Inability to recruit doctors will lead to increased waiting lists, says union

IMO member says number of people on waiting list could reach one million

Currently, there are over 900,000 people on a waiting list to access some form of medical care.

Currently, there are over 900,000 people on a waiting list to access some form of medical care.

 

The Irish Medical Organisation (IMO) has said the number of people waiting for healthcare in Ireland will keep increasing if chronic understaffing is not addressed.

Currently, there are over 900,000 people on a waiting list to access some form of medical care.

However, a member of the IMO said today that “no doctor would be surprised” if the waiting list reached one million in the coming months.

The union warned that the inability to attract applicants to vacant posts across all medical specialities is having a “serious detrimental effect” on the provision of healthcare in Ireland.

In a statement released on Wednesday, the IMO said that Ireland has significantly less consultants and GPs per head of population when compared to the OECD average.

The IMO also claimed that the HSE failed to attract a single candidate to some advertised posts, and more than one in five consultant posts remain vacant.

Non Consultant Hospital Doctors (NCHDs), which are doctors in training, continue to emigrate at high levels, according to the union.

The Medical Council register indicates that 3,000 doctors left Ireland over the past five years to take up positions abroad.

The union said that NCHDs are “regularly forced” to work in excess of legal working limits to fill in staffing gaps, and there is a need for more training places across all specialities.

International doctors who want to work in Ireland also face ongoing problems with visa applications, the statement said.

Almost 30 per cent of consultants and GPs are due to retire in the next five years, which will only add to the crisis.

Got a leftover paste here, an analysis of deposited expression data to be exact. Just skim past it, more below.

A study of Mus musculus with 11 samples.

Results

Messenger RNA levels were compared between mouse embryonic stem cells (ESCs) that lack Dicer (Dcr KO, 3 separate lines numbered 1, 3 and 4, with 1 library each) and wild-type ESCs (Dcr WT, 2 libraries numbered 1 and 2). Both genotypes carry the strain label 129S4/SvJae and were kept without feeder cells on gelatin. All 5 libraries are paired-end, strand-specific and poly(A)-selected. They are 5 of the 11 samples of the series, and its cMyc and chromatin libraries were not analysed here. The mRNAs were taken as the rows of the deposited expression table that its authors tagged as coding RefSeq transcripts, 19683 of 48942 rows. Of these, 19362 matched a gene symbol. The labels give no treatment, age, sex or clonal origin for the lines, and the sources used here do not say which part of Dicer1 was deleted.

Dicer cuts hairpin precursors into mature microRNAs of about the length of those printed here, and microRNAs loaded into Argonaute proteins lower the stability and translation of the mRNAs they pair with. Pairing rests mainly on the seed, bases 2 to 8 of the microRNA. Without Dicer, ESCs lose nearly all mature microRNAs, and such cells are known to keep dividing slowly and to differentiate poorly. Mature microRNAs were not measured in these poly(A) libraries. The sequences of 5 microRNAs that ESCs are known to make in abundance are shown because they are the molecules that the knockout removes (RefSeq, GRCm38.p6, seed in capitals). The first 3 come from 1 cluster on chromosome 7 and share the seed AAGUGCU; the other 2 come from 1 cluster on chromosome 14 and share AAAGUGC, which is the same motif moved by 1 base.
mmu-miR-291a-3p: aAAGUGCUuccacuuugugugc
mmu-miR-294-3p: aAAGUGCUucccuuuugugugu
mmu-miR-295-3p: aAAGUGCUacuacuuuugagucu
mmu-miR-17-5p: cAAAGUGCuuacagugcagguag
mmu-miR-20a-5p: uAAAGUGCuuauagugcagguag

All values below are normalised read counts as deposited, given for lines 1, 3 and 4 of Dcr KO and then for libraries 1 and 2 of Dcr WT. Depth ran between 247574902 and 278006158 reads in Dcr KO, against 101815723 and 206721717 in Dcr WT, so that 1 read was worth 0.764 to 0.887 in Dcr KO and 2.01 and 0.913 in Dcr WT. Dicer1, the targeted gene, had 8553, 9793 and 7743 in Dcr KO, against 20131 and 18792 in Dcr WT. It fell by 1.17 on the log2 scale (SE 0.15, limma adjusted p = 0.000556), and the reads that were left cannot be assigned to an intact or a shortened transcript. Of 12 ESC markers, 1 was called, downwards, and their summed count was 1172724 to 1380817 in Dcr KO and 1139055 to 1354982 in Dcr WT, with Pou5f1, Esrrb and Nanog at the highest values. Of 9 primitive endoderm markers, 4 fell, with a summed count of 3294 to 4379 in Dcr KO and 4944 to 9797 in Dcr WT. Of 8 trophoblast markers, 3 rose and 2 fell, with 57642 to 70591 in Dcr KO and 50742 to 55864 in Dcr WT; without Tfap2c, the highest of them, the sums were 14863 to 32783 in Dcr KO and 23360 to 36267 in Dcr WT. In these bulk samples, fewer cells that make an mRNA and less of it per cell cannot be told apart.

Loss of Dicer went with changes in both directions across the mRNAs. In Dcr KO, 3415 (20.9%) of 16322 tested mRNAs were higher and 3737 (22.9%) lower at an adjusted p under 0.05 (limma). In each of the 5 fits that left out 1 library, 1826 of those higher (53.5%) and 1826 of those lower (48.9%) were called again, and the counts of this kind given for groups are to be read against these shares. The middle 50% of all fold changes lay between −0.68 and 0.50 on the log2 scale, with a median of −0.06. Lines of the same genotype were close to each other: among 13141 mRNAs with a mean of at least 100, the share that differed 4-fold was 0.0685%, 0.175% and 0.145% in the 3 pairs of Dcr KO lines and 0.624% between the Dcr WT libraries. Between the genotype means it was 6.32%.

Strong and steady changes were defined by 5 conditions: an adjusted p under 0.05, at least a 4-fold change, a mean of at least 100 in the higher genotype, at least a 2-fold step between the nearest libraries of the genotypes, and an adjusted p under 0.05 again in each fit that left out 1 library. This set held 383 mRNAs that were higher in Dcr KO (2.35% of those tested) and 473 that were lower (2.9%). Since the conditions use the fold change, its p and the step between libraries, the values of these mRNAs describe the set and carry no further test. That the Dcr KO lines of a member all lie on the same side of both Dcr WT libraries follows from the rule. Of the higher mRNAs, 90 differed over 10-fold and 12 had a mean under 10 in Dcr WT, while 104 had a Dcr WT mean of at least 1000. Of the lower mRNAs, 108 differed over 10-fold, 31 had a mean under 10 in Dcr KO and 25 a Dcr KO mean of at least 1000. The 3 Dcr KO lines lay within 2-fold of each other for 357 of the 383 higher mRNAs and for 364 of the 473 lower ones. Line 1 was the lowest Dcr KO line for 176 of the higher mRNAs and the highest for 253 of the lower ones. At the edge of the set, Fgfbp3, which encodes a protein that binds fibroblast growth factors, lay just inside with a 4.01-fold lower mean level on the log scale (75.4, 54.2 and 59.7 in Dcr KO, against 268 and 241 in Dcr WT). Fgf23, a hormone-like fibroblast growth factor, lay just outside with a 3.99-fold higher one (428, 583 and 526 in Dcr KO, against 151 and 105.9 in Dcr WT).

There are not enough doctors to fill critically important consultant positions across Ireland, according to Dr Clive Kilgallen, chair of the consultants’ committee of the IMO.

Dr Kilgallen claimed this problem stems from two-tier consultant pay, which was enacted in 2012.

“Patients are the ones who have suffered as a result. The scale and scope of the problem cannot be overstated; over 900,000 people are on some form of waiting list for treatment, and over 290,000 of those - or more than the population of Galway - have been there for more than a year.”

Dr Kilgallen added that there are too few beds, too few health professionals and an ever-increasing demand for care. “No doctor will be surprised if the waiting list goes beyond a million over the coming months. The pandemic has not caused the crisis in our healthcare system, but it has deepened it.”

General practice

Dr Denis McCauley, chair of the GP committee of the IMO, said that without serious reform, the numbers of doctors entering general practice will continue to decline.

“GPs around the country have been unable to secure locums to allow them to take annual leave, there are no supports to encourage younger GPs to establish in practice, and the additional out of hours burden on individual GPs is taking its toll,” said Dr McCauley.

The current contract between the HSE and GPs “does not reflect modern general practice”, according to Dr McCauley.

“We must urgently address the systemic issues that are making the speciality unattractive to our new graduates, particularly in areas of a service resourcing sustainable workload, work-life balance and family-friendly arrangements.”

According to the IMO just under 30 per cent of all GMS GPs, who see patients with medical and GP visit cards, are aged 60 or over, which will lead to problems in the future.

In a statement, the HSE said that as of October 1st there were around 2,500 GPs in Ireland. It said there are 22 vacant GMS panels, and just over half of these vacancies are in rural areas.

“These vacant panels represent less than 1 per cent of GMS panels, and cover is arranged via a locum or other appropriate arrangement to maintain services in the communities until the vacant panel is filled.”

The HSE also said the Rural Practice Support Framework Allowance was introduced in 2016.

“Under this support framework, GPs receive an annual allowance of up to €22,000, the maximum subsidy rates for practice support staff and enhanced locum expenses contributions for annual, sick, study and maternity leave.”

The HSE also said that the 2019 GP Agreement “provides significant enhancements to contractual arrangements in place with GPs”, including the provision of an additional 18 GP training places this year, and the introduction of a Social Deprivation Support Grant.

The HSE said that based on the most recent Medical Workforce Report, 30 percent of consultants are aged 55 and over, and 13 per cent are 60 and over.

“Many, including GPs, work beyond age 65, and working off the assumption that all those above the age of 55 will retire would not be accurate,” they said in a statement.

The HSE added that 93 per cent of approved consultant posts are filled, “regardless of tenure, both permanent and locum.”

“The true vacancy rate i.e. a vacant post that the hospital has verified as currently vacant is 6.5 percent.”